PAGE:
Image: Airline passenger
Kevork Djansezian  /  AP
Customers are unhappy, stockholders are nervous, management is desperate and union workers are furious. Who is to blame for the airline mess? Look in the mirror, columnist James Wysong says.
By James Wysong Travel columnist
updated 8/15/2007 1:39:21 PM ET 2007-08-15T17:39:21

Hang around the airline industry long enough and you hear stories of the Good Old Days. In the Good Old Days, CEOs were selfless, employees were cheerful and passengers dressed up to fly. Management and union workers got along like family, and stewardesses cooked eggs-to-order in first class. Airlines cared about people, not numbers, and every flight was a wonderful travel experience — even in coach. Or so the story goes.

Does anybody actually remember the Good Old Days? Were they ever a reality? I don't know. All I know is that when I look at the airline industry today, I see nothing but dissatisfaction. Customers are unhappy, stockholders are nervous, management is desperate and union workers are furious. Flying is no longer a gracious extension of personal service, but a desperate, numbers-driven game in profit and loss. A cattle car might serve just as well.

How did it get this bad? And who is to blame? Greedy unions? Greedy managers? Some officious bureau of the government? Yes, all of the above have some share in the blame. But I have recently taken a harder look at another villain, who also bears some responsibility for this mess. And that villain is you.

Now, before you slam me in the "Comments," hear me out.

Circumstances have changed since the Good Old Days of air travel. More people than ever choose to fly if their journey is over 300 miles. Southwest Airlines, the only U.S. airline success story in the last 10 years, met that new demand with a simple business plan: provide safe, low-cost air transportation with flexible schedules and new airport destinations while offering as few amenities as possible. You, the American public, responded so favorably that the major airlines had to redesign their operations to accommodate your wishes.

Now, guess what matters most to American travelers when it comes time to buy an airplane ticket. No shocker here — the price! In fact, the big three factors are price, schedule frequency and frequent-flier miles. Customer service is way down on the list. That's why the airlines have cut everything possible, including personnel, salaries, pensions and onboard amenities: to keep the ticket price down — just as you asked for.

Now, I'm happy to criticize airline executive management every chance I get, but in fact these overpaid CEOs are just dancing to the tune of their airline's shareholders, who have the same bottom-line mentality as their customers: Keep the price down, keep the numbers up, and watch the profits grow. They aren't at all interested in your travel experience, just in the numbers. They don't even care if their cut-rate service drives away business. Why not? Because they know that all the other airlines are in the same boat. So what if you get fed up with US Airways and switch to Delta? Chances are some other disgruntled customer is switching the other way. Numbers? No net change!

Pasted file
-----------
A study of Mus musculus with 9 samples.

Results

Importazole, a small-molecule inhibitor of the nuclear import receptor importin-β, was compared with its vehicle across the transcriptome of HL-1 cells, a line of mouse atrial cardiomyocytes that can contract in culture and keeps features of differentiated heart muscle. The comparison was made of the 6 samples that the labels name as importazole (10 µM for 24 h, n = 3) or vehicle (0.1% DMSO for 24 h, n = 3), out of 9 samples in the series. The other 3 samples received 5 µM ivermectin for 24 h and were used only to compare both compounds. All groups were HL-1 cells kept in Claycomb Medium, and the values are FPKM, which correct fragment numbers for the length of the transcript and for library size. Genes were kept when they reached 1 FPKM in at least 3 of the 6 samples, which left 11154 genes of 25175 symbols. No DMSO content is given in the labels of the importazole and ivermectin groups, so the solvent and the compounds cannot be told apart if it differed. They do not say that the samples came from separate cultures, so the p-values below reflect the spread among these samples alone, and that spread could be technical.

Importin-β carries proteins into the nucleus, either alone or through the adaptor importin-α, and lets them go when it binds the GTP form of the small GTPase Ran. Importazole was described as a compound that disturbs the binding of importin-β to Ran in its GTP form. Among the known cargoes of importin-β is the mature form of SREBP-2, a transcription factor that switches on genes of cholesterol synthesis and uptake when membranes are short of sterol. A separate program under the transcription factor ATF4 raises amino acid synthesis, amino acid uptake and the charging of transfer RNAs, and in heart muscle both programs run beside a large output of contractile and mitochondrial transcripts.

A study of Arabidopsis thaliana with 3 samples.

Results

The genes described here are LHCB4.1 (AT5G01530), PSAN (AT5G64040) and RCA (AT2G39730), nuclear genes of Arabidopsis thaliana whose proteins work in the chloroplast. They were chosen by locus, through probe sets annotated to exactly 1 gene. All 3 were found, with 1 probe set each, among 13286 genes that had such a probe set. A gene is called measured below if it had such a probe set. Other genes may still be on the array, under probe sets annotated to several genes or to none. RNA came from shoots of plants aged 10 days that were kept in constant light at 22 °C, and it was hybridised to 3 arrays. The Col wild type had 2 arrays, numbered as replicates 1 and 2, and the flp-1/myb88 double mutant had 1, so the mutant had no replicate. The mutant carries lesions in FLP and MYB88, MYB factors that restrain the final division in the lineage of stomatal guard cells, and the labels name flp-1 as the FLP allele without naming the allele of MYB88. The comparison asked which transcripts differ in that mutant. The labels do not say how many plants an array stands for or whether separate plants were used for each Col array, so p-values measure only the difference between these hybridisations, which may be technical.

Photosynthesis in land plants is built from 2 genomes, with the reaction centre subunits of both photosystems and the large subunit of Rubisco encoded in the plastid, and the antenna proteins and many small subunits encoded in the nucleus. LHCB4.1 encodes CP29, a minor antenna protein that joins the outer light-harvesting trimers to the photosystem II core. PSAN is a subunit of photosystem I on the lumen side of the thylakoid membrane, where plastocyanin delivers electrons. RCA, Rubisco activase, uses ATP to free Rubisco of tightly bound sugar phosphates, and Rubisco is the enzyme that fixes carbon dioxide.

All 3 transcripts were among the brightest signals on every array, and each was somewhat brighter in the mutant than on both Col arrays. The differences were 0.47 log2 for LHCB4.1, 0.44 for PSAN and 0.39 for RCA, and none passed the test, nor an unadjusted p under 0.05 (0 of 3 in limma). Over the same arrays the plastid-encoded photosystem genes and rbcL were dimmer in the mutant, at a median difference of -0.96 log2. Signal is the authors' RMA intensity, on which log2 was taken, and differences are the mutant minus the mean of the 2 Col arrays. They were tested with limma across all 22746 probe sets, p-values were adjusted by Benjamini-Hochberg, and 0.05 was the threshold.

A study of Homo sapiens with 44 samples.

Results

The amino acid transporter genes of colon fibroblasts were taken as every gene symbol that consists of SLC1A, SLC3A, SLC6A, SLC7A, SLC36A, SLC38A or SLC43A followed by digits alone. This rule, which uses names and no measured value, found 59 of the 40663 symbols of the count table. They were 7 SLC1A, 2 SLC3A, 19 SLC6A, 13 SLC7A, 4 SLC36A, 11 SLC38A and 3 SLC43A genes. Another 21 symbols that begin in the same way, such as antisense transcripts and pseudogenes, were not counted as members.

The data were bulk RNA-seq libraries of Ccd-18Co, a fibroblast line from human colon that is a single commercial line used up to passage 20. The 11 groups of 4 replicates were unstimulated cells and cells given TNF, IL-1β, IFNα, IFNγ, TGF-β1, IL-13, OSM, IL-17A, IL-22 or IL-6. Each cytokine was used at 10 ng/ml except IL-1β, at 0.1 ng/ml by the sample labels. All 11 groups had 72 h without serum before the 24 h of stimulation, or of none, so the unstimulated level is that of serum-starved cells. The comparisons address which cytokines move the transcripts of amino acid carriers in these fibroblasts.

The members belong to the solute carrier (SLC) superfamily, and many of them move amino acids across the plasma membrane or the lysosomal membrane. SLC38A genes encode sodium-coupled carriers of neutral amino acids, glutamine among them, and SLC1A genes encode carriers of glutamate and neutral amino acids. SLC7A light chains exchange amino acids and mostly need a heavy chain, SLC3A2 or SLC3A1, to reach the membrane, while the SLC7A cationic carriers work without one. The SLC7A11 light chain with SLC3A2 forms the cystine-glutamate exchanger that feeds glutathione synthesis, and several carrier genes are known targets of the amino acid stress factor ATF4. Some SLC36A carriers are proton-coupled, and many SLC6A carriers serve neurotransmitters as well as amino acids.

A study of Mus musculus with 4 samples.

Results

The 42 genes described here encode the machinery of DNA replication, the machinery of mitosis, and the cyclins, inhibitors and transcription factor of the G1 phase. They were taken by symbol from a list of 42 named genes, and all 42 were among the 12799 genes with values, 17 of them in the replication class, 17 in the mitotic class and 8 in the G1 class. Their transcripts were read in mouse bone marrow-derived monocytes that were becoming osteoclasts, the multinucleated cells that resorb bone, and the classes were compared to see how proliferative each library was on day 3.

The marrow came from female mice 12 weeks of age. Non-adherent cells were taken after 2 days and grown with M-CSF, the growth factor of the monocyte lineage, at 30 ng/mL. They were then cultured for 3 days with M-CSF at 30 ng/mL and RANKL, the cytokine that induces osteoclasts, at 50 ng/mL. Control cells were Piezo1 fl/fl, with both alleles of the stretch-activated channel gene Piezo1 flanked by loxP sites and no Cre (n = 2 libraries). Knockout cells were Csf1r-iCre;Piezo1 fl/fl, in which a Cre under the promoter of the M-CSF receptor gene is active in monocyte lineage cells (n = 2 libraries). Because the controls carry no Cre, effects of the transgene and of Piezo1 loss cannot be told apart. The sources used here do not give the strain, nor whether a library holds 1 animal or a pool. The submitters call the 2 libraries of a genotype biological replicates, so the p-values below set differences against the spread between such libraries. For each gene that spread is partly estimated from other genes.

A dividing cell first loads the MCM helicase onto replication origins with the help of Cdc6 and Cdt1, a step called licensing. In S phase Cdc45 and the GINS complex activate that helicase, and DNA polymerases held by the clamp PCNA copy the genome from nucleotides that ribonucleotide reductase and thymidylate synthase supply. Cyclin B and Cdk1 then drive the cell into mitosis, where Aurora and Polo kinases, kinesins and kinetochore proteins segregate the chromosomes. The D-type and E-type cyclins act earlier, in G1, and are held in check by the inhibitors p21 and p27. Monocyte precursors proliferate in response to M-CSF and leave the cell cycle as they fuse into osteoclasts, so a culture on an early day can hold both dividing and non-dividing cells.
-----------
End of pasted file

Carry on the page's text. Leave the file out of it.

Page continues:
As far as executive compensation goes, if you were the CEO of a billion-dollar company, would you give up your millions and your golden parachute to show solidarity with the front-line workers? I'd like to say that I would, but you just don't know unless you are in that situation.

What can you do? Well, you do have a few options:

1. Know what's important to you and stick to it. Seek out an airline that tries to give you what you really want from air travel, then stick with it. If enough travelers do this, it will send a message to the top in the form of black ink or red ink. But fair's fair: If low price is your priority, you forfeit the right to complain about service.

2. Lower your expectations. In the Good Old Days, when air travel was more of a novelty, people had lower expectations and were delighted with higher performance. Today, your main consideration should be having a safe journey between point A and point B. If you are resigned to a few hassles along the way — like delays, cancellations, small seats and packed airplanes — you will probably be better satisfied with what you get.

3. Accept reality. The Good Old Days are gone for good. Accept it and move on, or quit flying altogether.

Here's a short analogy. When was the last time you pulled into the "Full Serve" line at the gas station and had your gas pumped for you? Is this service even still available? Well, if it is, I can guarantee you that not many people use it. So most gas stations have trimmed the fat and the frills and now strive to offer the lowest gas prices in town. Once in a while, up pops a company like WAWA gas stations (not crazy about that name) with low prices, tons of coffee, courteous staff and tasty food. If you can find an airline like that, stick with it — even if its prices are sometimes a little bit more than the ones next door.

As far as the Good Old Days go, time has a way of obscuring the bad and glorifying the good, making the true past unattainable. It helps me to remember this about the airline industry: As in all of life, the Good Old Days weren't always good, and today may not be as bad as it seems.